Insider Q&A: Amalgamated Bank CEO Keith Mestrich

Ken Sweet, AP Business

This undated photo provided by Amalgamated Bank shows Keith Mestrich, the bank’s chief executive. Mestrich spoke to The Associated Press about recent changes at the bank and this year’s election cycle. (Amalgamated Bank via AP)

NEW YORK (AP) -- Amalgamated Bank underwent the biggest change in its 95-year history this summer, going public on the Nasdaq stock exchange as the nation's only union-owned, publicly traded bank.

While the New York-based bank has a relatively small geographic reach, with branches in New York, New Jersey and California, it plays an outsized role in national affairs as the default bank for the Democratic Party and labor unions. It also plays an active role during election seasons in moving money around between donors and campaigns.

Keith Mestrich, the bank's chief executive, spoke to The Associated Press about recent changes at the bank and this year's election cycle.

Q. Why did Amalgamated go public?

A. We used to have three owners: the garment workers union and two private equity firms who made an investment in the company after the financial crisis. After several years, the private equity firms wanted an exit because they had generated a nice return on their investment. And the union has fundamentally changed since our founding in 1923 when there was a much more vibrant garment industry in this country. They wanted to take advantage of some of the investment that they've made in the bank.

But the more important reason we wanted to go public is to have access to the capital markets. I'm excited because having access to capital allows us to be able to grow. You don't find many companies bigger than five billion dollars in this industry that aren't public because you need that access to capital.

Q. How has your job changed now that you're running a public company?

A. We need to now more successfully balance the need to create long-term value for our shareholders and continue to have the fortitude and resilience to be able to live true to our mission-oriented principles as a worker-focused bank.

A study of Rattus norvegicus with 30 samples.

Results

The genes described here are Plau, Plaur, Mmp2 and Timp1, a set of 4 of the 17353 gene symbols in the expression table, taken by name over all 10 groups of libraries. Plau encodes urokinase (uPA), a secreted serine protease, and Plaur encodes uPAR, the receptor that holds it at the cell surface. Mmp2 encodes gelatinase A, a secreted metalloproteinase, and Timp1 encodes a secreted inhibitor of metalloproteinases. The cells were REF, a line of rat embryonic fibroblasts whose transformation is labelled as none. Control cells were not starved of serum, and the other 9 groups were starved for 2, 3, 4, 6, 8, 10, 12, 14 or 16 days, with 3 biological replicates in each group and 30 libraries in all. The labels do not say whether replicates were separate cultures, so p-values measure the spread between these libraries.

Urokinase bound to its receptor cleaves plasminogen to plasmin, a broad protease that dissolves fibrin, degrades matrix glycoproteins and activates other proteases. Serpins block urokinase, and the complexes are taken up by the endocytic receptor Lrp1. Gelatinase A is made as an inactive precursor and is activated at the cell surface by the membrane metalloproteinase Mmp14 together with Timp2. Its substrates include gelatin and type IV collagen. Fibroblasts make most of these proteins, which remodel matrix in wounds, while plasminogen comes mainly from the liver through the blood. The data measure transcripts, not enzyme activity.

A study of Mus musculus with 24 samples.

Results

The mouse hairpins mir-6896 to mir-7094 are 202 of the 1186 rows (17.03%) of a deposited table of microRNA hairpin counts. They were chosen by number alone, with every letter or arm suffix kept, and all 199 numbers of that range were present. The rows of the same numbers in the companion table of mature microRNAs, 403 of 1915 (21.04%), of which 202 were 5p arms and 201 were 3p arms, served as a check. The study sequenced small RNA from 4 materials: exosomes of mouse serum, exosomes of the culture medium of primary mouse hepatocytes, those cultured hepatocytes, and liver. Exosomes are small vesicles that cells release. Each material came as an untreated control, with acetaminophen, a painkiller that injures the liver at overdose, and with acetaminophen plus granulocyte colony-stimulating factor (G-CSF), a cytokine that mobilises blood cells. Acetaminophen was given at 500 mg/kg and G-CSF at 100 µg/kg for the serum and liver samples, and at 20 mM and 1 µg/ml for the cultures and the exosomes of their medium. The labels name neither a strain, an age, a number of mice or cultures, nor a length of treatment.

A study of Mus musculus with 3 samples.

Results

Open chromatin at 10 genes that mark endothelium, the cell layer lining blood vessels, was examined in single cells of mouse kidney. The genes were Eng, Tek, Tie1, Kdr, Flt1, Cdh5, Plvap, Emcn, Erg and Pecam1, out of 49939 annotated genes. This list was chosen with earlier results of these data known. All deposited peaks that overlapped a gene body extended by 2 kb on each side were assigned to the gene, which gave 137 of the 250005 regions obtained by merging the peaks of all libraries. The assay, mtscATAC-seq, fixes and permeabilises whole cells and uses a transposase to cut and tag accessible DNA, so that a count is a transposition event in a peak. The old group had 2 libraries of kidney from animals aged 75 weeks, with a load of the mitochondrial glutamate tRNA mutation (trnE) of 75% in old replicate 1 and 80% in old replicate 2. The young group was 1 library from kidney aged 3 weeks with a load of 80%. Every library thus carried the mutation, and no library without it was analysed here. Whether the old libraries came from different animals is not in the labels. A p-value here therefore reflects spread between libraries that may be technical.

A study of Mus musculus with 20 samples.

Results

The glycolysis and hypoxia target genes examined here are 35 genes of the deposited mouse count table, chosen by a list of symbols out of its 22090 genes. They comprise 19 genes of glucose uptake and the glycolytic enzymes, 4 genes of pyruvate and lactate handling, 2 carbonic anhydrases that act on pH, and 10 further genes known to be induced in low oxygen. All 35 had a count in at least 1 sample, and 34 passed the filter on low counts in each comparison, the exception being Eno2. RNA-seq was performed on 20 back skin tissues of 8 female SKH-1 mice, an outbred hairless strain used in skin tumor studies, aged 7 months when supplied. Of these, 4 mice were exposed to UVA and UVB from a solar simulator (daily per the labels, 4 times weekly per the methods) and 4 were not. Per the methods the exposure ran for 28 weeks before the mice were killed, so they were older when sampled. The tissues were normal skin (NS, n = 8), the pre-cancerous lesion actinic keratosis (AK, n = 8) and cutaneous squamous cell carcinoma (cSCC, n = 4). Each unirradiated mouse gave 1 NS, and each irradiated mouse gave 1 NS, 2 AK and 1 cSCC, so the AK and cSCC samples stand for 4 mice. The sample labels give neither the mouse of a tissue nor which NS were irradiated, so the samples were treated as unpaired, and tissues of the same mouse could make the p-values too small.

Q. How has this year's election season benefited you?

A. We have become the institutional bank of the Democratic Party, many of its candidates, and many of the action committees, Super PACs, and other organizations. It's been good business for us. We have roughly $400 million in terms of political deposits right now, which is sort of the height of the season. We'll see a large chunk of that money run out because you don't want to wake up the day after Election Day, if you're a politician, and have money left in the bank and have lost. But then the fundraising cycle has become a permanent fixture and so we will see those balances increase again relatively rapidly.

Q. Banks taking positions on issues —marijuana and gun rights, for example — has become increasingly common this year. Amalgamated always had public positions on issues, so what's your take on this industry development?

A. We take positions on places where we think we can make a difference as an employer. We were big advocates for the $15 minimum wage. We take positions on things where we think there's something that we can say in either how we do business, or economic issues of the day. Oftentimes we celebrate the work that many of our clients do. I don't think it's appropriate for the bank necessarily to have a position on something like reproductive rights. But we certainly are going to celebrate the work of our clients, like NARAL and Planned Parenthood and others.

Many banks are trying to be the every-person bank. They want to appeal to everybody of a particular geographic area. Most of our customers come to us, because they have values and a political persuasion that leans one way. They expect us to celebrate the work of our customers, or take positions on certain things.

I recognize we're unique in that respect, because we have that unique customer base. But that really is part of our business model, and it's been part of why we've been successful.

___

The interview has been edited for clarity and length.